Dodgers catcher A.J. Ellis: “It didn’t feel like Opening Day,” and other Game 1 observations.

SYDNEY — If we were to focus just on the baseball, Opening Day followed a very predictable script. Clayton Kershaw was the best pitcher in the ballpark. The Dodgers’ bullpen followed a predictable order of Chris Perez (⅓ of an inning), Brian Wilson (1 inning) and Kenley Jansen (1 inning) in closing out the game without allowing a run. Paul Goldschmidt didn’t waste a single at-bat but the Dodgers have a deeper lineup, and found a way to score more runs than their opponent. The final score was 3-1 and you can read about the game here.

Also, if we were to focus just on the baseball, we would completely miss the point of staging Opening Day on another continent 12,000 kilometers — about 7,500 miles, if this conversion app is working right — away from Los Angeles.

“No, it didn’t feel like Opening Day,” Dodgers catcher A.J. Ellis said. “It felt like a game that we’re playing here trying to bring baseball to Australia. We knew this game counted, and this game could be a difference between us making and not making the playoffs. We had that passion and that energy behind the game. There was a different attitude today in the clubhouse, a different attitude in batting practice. As far as feeling like Opening Day, I can’t honestly say in my experience it totally was like Opening Day.”

Ellis is unique among the Dodger players. He came to Sydney in November of last year, along with Arizona Diamondbacks pitcher Patrick Corbin, on a goodwill tour to drum up interest in the two season-opening games in Sydney. It’s fair to say he was more personally invested in the non-baseball aspects of the game than his teammates. Attendance fell short of a sellout by little more than 4,000 fans.

About those fans. As I warned, they weren’t the savviest bunch. They cheered loudly at the sight of the game’s first foul ball, a rare souvenir that means something completely different in baseball than cricket. Thrice a batter fouled a ball atop the roof overhanging the seats behind home plate. On one occasion, the ball remained lodged on the roof; the other two times it fell back toward the waiting hands of the crowd.

When Scott Van Slyke hit the first and only home run of the game — of the season, no less — it landed into a near-empty section of seats just beyond the right-field fence. There were two empty swaths of seats in the outfield, a virtual impossibility in the U.S.

Here, the home run elicited less a reaction than the first foul ball.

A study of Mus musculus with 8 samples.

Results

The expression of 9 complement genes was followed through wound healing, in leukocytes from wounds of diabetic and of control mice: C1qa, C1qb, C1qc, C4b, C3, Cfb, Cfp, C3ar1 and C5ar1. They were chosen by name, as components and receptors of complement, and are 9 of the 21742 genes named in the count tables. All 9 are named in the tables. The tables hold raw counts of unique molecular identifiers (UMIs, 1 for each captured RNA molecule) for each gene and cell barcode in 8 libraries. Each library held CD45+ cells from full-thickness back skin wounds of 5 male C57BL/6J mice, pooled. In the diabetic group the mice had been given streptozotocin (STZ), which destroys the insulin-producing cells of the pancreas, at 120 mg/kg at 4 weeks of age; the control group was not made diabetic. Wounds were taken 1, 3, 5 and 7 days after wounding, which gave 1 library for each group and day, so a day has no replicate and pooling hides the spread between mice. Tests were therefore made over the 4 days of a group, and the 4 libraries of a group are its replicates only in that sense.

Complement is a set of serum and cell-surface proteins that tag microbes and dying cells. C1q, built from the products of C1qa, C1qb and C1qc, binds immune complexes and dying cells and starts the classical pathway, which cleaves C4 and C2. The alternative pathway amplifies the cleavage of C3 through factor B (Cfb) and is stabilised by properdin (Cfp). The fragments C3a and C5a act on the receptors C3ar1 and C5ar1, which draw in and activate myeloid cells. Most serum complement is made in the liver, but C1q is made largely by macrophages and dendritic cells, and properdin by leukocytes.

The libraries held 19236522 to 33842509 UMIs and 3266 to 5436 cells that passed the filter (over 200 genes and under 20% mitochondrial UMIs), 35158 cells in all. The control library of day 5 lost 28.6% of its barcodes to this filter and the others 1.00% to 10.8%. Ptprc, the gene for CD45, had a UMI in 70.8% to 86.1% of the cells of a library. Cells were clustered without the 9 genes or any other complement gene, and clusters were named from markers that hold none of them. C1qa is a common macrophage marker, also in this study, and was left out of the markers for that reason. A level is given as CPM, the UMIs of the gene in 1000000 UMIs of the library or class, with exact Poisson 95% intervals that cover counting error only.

“Toronto was like that when we first started going there,” Dodgers manager Don Mattingly said, “but it didn’t take long.”

A few more notes and observations:

• It’s tough to find anything bad to say about the converted Sydney Cricket Ground. There was a coffee bar with an actual barista in the press box! The dimensions are goofy: 328 feet in the corners, with as much foul territory to outside first and third base as Oakland. The green, spired grandstand is gorgeous and emblematic of its colonial heritage. Also, this:

• “The only real complaint I heard,” Ellis said, “was that with the tarp on the field before the game they didn’t get a chance to water things down — which is understandable — so it was playing a little faster than we what we played on the other night.” The Dodgers beat Team Australia 4-2 on Thursday.

• I asked Bud Selig if he would have chosen the two games to count toward the regular-season standings. A report in Saturday’s Financial Times suggested that Jason Moore, who promoted the game here in Sydney, insisted on it — not MLB. Selig’s response did not answer the question directly but affirmed the best reason for making the games count: “If you want to develop interest, and you want to really make an impact, the games have to mean something. If you came just to play a couple exhibition games, half the team comes and half the team doesn’t — here we are, we’re starting with Clayton Kershaw going on the mound today. There’s drama. If you want to really gauge things, this is great. It’s worked out that way.”

• The commissioner touched on some other intriguing points, which I’ll save for a future blog entry, but none were as pertinent to Opening Day.

• I asked Scott Van Slyke if there was a memorbale sight, or sound, that really emphasized the point that this was no ordinary Opening Day. “I noticed that a lot more people have beer in their hands,” he said.

• Mattingly, before the game, on sending Tim Federowicz to the minor leagues: “You’ll see Fed again. I believe it. It’s more of a roster situation than anything else.”

• Yasiel Puig had one good plate appearance, in his final at-bat when he lined out to right-center field. He finished 0 for 5 with three strikeouts and was kept off-balance on most pitches.

• Arguably the only Dodger batter who looked worse was Juan Uribe, and Uribe had more success working the count than Puig. He finished 0 for 4 with two strikeouts.

• The crowd was not anti-Dodgers, as some predicted. It was mostly neutral, with plenty of cheers for the Dodgers and very few boos. It’s hard to comment on the D-Backs’ rooting contingent since they had little to root for.


J.P. Hoornstra covers the Dodgers, Angels and Major League Baseball for the Orange County Register, Los Angeles Daily News, Long Beach Press-Telegram, Torrance Daily Breeze, San Gabriel Valley Tribune, Pasadena Star-News, San Bernardino Sun, Inland Valley Daily Bulletin, Whittier Daily News and Redlands Daily Facts. Before taking the beat in 2012, J.P. covered the NHL for four years. UCLA gave him a degree once upon a time; when he graduated on schedule, he missed getting Arnold Schwarzenegger's autograph on his diploma by five months.